Gasoline prices could rise by 6 cents a gallon over the next few months if the Organizatoin of Petroleum Exporting Countries calls for a modest increase in oil prices next month and if President Carter ends gasoline price controls next January as planned, according to Energy Department officials.
More than half of the likely increase will come from administration plans to end gasoline price controls, not actions by the oil cartel.
According to an environmental impact statement drafted DOE and released this week, decontrolling gasoline would raise prices from 3 to 4 cents a gallon. This finding, however, is at odds with repeated assurances by Energy Secretary James R. Schlesinger Jr. that ending gasoline price controls would have little, if anY, effect on fuel prices.
"It is possible that gaoline prices would go up 3.7 cents more than if regulations continued," says Douglas Robinson one of DOE's top regulatory officials.
As for the remaining price increases expected next from OPEC, an oil price increase of 10 percent or less on the current $1270 price of a barrel of crude oil would result in about 2 cents more per gallon in gasoline prices. In recent weeks senior State and Energy Department officials and international oil industry executives have been saying that an OPEC price rise in the rang of 5 to 10 percent is expected to result from the cartel's December price-fixing meeting in Abu Dhabi.
Robinson, deputy administor of DOE's Economic Regulatory Administration, said that gasoline decontrol could also widen the current 4-cent-a-gallon spread between leaded gasoline and higher-Priced unleaded gasoline. Under gasoline decontrol, however, Robinson said "we do not expect the differential to go up to 7 cents a gallon," as suggested in the environmental impact statement.
Currently half of oil products sold in the United States are under pricing ceilings, with gasoline making up nearly all of that. Controls on gasoline have been in place since 1973.
President Carter unveiled plans to decontrol gasoline when he sent his natinal energy plan to Congress in April 1977. Because of concern about the political impact of gasoline decontrol on efforts to win support for the energy plan, Schlesinger and other administration officials held back sending the required decontrol plan to Congress.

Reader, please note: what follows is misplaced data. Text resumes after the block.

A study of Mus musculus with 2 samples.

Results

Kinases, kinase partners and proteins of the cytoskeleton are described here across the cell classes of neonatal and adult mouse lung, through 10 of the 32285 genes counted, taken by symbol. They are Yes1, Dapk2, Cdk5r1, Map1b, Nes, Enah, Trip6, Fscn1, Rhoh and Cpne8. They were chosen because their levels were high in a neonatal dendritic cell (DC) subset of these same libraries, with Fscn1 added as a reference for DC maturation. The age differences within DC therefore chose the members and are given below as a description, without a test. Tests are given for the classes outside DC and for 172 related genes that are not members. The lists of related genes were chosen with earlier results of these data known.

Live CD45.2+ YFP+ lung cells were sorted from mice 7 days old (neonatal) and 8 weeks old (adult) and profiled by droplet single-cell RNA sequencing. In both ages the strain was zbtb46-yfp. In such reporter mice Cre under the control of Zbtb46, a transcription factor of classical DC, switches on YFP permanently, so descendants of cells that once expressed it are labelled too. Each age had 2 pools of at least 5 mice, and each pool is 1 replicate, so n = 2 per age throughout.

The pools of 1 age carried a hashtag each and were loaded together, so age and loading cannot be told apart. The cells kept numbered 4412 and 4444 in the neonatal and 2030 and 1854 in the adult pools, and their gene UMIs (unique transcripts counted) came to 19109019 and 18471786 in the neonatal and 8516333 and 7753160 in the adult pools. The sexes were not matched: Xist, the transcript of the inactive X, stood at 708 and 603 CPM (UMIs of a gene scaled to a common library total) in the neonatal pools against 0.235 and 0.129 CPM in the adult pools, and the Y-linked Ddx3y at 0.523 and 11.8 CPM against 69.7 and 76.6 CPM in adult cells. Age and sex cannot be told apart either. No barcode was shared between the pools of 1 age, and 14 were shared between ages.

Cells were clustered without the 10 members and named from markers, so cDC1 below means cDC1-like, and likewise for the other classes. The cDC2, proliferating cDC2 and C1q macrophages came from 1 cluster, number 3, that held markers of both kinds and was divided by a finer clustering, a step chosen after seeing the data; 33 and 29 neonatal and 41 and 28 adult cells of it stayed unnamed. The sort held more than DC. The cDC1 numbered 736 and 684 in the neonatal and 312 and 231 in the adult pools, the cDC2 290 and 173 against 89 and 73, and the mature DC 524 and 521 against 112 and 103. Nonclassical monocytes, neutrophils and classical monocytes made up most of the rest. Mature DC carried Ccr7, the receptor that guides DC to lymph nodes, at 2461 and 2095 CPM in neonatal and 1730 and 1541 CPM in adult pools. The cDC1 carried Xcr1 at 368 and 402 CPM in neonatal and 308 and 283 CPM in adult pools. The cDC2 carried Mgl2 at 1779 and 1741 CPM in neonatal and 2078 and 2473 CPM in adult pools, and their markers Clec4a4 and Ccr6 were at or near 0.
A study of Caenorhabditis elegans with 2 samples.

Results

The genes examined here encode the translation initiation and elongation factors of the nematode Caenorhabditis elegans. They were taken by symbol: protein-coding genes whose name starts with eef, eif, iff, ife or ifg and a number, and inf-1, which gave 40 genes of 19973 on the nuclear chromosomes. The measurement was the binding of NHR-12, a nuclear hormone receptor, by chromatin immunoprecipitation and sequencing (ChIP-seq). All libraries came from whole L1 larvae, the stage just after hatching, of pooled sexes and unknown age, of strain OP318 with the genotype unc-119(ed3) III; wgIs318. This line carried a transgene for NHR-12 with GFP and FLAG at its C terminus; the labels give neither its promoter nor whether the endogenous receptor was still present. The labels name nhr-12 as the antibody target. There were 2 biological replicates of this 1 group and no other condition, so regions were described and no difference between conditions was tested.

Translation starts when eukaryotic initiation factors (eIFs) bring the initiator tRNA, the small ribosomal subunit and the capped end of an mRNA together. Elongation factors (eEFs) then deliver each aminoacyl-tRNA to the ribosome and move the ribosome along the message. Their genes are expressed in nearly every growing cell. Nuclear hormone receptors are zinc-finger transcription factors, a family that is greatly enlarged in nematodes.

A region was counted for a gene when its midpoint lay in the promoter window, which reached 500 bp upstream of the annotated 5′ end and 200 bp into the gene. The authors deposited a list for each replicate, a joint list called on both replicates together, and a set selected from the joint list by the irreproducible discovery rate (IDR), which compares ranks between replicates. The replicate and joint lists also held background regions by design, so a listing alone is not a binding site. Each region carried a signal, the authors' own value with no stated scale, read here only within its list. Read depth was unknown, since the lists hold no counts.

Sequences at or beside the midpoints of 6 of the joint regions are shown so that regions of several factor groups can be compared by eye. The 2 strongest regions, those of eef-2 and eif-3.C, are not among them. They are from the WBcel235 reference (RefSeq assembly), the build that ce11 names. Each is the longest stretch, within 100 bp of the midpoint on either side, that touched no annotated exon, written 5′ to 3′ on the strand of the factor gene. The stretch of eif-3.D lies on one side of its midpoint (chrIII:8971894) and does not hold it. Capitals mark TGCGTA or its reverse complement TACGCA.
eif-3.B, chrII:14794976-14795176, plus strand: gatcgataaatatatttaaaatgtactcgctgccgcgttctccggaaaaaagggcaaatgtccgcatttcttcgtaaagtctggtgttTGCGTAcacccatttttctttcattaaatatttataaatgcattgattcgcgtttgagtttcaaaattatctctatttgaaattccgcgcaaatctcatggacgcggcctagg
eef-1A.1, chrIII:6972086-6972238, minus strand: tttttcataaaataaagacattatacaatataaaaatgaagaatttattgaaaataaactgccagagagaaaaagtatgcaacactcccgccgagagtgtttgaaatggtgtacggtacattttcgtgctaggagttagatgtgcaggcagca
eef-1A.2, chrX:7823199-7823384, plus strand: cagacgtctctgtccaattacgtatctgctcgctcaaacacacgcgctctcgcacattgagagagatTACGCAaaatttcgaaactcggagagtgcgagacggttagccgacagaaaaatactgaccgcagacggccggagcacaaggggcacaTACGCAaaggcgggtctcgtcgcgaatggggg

Decontrol can be blocked if either the Senate or House vetoes it 15 days after it is sent to Congress.
Last August Rep. John Moss (D.Calif.) charged that DOE's plans for decontrol would raise prices unnecessarily and could precipitate a shortage of gasoline within the next three years.
Oil industry executives such as Jack Blum of the Independent Gasoline Marketers Council counter this, saying that the DOE's pricing regulations are outmoded, uneconomic, and anti-conpetitive. They also say that by lifting contorls there will be greater incentives to make adjustments to refining capacity in order to produce more unleaded gasoline.
Clarence Ditlow of the Center for Auto Safety, a consumer group operating under Ralph Nader's umbrella, disagrees, Ditlow says that price decontrol would raise unleaded prices by as much as 8 to 10 cent a gallon. The result would be that motorists would switch to lower-costleaded gasoline, adding to air pollution.
In a related action, DOE has issued a ruling that would allow gasoline stations to edge up their prices in December by about 2 cents a gallon to account for rent and wage increases. The increase expected under decontrol.
Over the last weeks, the market for unleaded gasline has tightened up a bit, especially for some Shell Oil Co. Stations. Overall, however, DOE officials rule out a serious gasoline shortage this year or next.